Palmer slaughterhouse under new ownership

Palmer, Alaska.
Palmer, Alaska.(Scott Gross)
Published: Nov. 12, 2021 at 5:06 PM AKST

The Alaska Department of Natural Resources issued a press release on Friday detailing the sale of Mt. McKinley Meat and Sausage to Todd and Sherrie Elsberry of North Pole, who are the largest producers of pork in the state. Alaska Meat Packers Incorporated, doing business as Alaska Meat, purchased the facility. The Elsberrys are joined by High Caliber Realty and Bill Borden as investors to purchase the slaughterhouse that was established decades ago.

According to the release, only three slaughterhouse facilities exist in Alaska that are approved by the U.S. Department of Agriculture. It is the largest of the three, and the only one capable of serving commercial customers.

Commissioner Corri Feige gave credit to former owner Greg Giannulis, Division of Agriculture Director David Schade and Borden for helping bring the sale to completion.

“This is tremendous news for Alaskans, for many different reasons,” Feige said in the press release. “It will help grow a strong ranching industry, provide a secure source of meat, preserve private sector jobs and support investment in our agriculture, shipping, retail, and hospitality sectors. I commend the Elsberry’s for stepping up to maintain this vital part of the state economy.”

Feige also said that the facility in Palmer will play a critical role for the agriculture industry. The facility was established as part of the colony in the Matanuska-Susitna region in 1930s, according to the press release, until it was abandoned in 1986. The state of Alaska operated the slaughterhouse until it was again sold to a private owner in 2016, who operated it for four years.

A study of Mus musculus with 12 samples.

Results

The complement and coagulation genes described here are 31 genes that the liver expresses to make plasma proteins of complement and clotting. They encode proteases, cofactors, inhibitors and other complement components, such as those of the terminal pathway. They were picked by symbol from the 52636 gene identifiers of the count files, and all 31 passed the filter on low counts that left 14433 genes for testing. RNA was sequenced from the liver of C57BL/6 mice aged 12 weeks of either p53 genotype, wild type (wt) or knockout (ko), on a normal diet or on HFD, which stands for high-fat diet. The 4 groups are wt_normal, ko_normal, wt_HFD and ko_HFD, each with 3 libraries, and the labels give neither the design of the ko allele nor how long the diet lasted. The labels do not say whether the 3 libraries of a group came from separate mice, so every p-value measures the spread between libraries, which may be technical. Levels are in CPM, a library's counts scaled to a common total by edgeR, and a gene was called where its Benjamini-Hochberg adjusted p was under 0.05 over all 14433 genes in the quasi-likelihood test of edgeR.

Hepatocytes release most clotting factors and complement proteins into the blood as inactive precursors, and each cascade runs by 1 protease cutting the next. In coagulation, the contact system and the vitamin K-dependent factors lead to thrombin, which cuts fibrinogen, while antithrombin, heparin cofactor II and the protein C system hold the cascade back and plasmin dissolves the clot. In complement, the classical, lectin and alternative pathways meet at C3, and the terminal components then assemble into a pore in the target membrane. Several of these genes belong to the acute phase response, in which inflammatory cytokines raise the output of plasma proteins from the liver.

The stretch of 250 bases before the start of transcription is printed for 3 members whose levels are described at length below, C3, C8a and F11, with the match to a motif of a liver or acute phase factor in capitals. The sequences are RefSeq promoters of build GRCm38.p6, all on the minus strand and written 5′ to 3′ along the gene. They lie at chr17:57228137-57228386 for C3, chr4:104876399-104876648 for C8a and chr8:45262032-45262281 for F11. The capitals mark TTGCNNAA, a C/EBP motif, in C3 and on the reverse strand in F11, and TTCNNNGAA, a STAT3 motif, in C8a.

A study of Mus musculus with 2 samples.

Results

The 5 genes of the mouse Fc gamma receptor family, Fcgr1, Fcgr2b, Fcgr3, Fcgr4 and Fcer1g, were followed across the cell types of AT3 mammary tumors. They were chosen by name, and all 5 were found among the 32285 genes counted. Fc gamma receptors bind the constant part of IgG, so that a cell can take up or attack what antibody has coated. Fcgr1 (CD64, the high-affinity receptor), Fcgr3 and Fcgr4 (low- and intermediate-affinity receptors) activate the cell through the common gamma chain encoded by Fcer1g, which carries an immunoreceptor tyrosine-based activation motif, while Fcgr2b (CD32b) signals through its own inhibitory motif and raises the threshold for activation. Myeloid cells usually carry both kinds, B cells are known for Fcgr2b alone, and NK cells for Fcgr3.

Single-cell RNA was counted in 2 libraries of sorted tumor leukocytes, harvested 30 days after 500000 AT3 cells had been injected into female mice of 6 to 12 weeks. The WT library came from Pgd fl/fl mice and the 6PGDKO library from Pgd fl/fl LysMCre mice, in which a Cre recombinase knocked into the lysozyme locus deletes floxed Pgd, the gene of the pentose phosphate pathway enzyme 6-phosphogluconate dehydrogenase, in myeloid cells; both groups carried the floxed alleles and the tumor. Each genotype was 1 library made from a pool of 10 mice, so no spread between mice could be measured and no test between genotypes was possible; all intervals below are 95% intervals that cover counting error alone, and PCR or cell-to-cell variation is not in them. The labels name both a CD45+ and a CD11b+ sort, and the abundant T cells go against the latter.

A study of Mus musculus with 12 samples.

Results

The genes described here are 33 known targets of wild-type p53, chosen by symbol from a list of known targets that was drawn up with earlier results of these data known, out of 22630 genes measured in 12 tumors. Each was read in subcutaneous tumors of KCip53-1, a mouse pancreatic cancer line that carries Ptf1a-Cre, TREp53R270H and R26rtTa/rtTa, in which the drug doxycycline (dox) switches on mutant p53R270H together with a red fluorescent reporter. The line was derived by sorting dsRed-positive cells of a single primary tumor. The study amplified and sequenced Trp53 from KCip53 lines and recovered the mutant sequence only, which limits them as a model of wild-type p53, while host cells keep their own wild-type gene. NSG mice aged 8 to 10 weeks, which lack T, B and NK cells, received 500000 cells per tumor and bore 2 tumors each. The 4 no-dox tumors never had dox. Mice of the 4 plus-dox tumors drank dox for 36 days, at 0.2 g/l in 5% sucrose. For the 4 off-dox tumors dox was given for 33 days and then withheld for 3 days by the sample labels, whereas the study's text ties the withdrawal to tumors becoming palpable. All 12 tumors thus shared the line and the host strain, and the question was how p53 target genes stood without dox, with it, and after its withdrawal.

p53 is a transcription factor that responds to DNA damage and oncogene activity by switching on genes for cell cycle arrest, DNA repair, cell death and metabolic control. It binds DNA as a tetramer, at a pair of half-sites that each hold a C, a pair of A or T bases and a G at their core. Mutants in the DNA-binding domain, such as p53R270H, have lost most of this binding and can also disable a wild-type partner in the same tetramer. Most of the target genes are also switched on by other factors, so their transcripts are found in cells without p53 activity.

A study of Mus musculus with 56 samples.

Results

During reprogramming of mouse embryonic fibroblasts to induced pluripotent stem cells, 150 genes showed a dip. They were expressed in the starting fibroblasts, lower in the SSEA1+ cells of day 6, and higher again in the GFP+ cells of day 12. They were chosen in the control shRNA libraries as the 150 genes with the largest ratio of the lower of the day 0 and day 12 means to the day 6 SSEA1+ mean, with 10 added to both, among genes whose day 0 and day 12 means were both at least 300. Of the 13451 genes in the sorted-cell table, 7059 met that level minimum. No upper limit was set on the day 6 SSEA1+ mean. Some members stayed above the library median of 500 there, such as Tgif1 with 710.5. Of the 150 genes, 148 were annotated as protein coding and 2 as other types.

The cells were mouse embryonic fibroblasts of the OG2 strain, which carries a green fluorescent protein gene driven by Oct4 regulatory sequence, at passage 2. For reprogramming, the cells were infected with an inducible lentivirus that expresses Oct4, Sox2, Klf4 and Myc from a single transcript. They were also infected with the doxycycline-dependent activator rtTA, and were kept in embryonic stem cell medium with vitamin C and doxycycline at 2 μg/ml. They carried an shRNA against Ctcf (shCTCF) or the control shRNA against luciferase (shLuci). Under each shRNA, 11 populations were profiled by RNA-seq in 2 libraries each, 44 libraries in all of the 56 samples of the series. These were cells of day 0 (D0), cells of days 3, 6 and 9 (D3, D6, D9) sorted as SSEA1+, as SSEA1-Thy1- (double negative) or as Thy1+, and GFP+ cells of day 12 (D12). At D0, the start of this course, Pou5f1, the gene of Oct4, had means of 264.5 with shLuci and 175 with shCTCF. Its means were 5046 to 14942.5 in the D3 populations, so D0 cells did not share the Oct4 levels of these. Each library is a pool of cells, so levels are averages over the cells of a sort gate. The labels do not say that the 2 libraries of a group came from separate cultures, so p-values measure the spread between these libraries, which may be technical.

According to Borden, there were was a several month gap between the time the previous owner ceased operation and this new purchase. He noted that the previous owner did start the facility back up a few weeks ago to process some animals, and everything appears to be working fine. Todd and Sherrie Elsberry will officially reopen the slaughterhouse under the new business next week, Borden said.

“Supply disruptions and interstate commerce slowdowns of the past year have made it increasingly clear that Alaskans must look out for ourselves when it comes to protecting our vital food supply chain,” Gov. Mike Dunleavy is quoted as saying in the press release. “Maintaining an Alaska-owned, U.S. Department of Agriculture-approved slaughterhouse and meat packing facility of this size is essential to making sure Alaskans can continue to grow, process and enjoy fresh, healthy food.”

Todd Elsberry said he wants to make sure people know that, while he and his wife will use the slaughterhouse to sustain their own business, the facility will be open to anyone who needs it for animal slaughter. All people have to do is call to get on the schedule.

“I want to make sure everybody knows it will be open to the public — a USDA slaughter facility and processing — open to everyone as it always has been,” he said.

While the Elsberrys will remain based in North Pole, Alaska Meat will have an on-site manager.